Article rating: 5/5

My big picture position is always that if the Government sector is running a surplus then the private sector must run a deficit (ie increase borrowing). Sector Analysis is an accounting identity where the Government Sector plus the Private Sector plus the Balance of payments (external sector) must net to zero.

Australia is one of the most highly indebted nations in the world and the annual growth of debt is down to 3.9%. Both sides of Government are intent on running a surplus, in a faux sense of fiscal responsibility, and force the private sector to borrow to fund re-current expenditure. The only answer is stimulus – lower rates, First Home buyer grants and incentives, and loosening credit standards.

The Reserve Bank’s Statement of Monetary Party noted that growth in the Australian economy has slowed and inflation remains low. The RBA is aware that the market is pricing two rate cuts but that is still not enough to stop them from decreasing the GDP growth forecasts. Once the unemployment rate deteriorates and next week’s election is out of the way, expect a cut in interest rates. Shopping around for a competitive mortgage interest rate from one of the major banks indicates a rate of around 3.60%. A couple of interest rate cuts can see mortgage rates close to 3.00%. Rates like these may encourage investors back into the market if they can positively rather than negatively gear, given the abolition of future negative gearing tax deductions.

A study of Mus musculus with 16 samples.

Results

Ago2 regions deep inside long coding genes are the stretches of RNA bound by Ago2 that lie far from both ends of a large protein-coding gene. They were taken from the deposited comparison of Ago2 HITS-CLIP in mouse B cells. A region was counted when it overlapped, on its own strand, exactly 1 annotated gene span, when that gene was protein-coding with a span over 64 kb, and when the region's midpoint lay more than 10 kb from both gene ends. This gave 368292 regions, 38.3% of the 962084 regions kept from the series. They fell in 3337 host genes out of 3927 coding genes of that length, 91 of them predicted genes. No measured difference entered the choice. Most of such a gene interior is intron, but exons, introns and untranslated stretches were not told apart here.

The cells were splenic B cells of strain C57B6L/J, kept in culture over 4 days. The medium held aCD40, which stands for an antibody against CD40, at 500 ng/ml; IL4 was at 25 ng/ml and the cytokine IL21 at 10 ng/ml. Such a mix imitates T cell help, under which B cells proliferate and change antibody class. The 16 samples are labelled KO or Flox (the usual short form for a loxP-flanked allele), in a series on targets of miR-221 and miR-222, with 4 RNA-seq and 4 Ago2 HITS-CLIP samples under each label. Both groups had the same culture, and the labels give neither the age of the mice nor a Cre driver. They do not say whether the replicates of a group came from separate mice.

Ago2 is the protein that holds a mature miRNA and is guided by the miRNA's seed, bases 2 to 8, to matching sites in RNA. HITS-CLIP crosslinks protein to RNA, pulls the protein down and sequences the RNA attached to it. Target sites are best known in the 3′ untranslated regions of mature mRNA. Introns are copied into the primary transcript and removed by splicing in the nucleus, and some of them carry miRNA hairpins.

Recently it was widely reported that APRA was considering cutting the interest rate used to test debt serviceability by ½ percent. The same income means increased borrowing.

In the latest innovation to get first home buyers to borrow 95%, the Coalition Government has decided to act as guarantor of the loan exposure between 80% and 95%, circumventing the Mortgage Insurance Industry that already provides this service. In what amounts to a $10,000 subsidy, it may have been more financially conservative to let the industry perform an established credit vetting process and just provide a federal cash grant to the First Home buyers.

Will financially challenged borrowers now be able to borrow 95%, where they couldn’t before? Will the Government do any credit checking? Will the whole loan be counted toward the capital ratios of the bank, or only the unguaranteed portion? It looks like the risk in the banking system can only increase but at least the day has been saved – more borrowers borrowing more.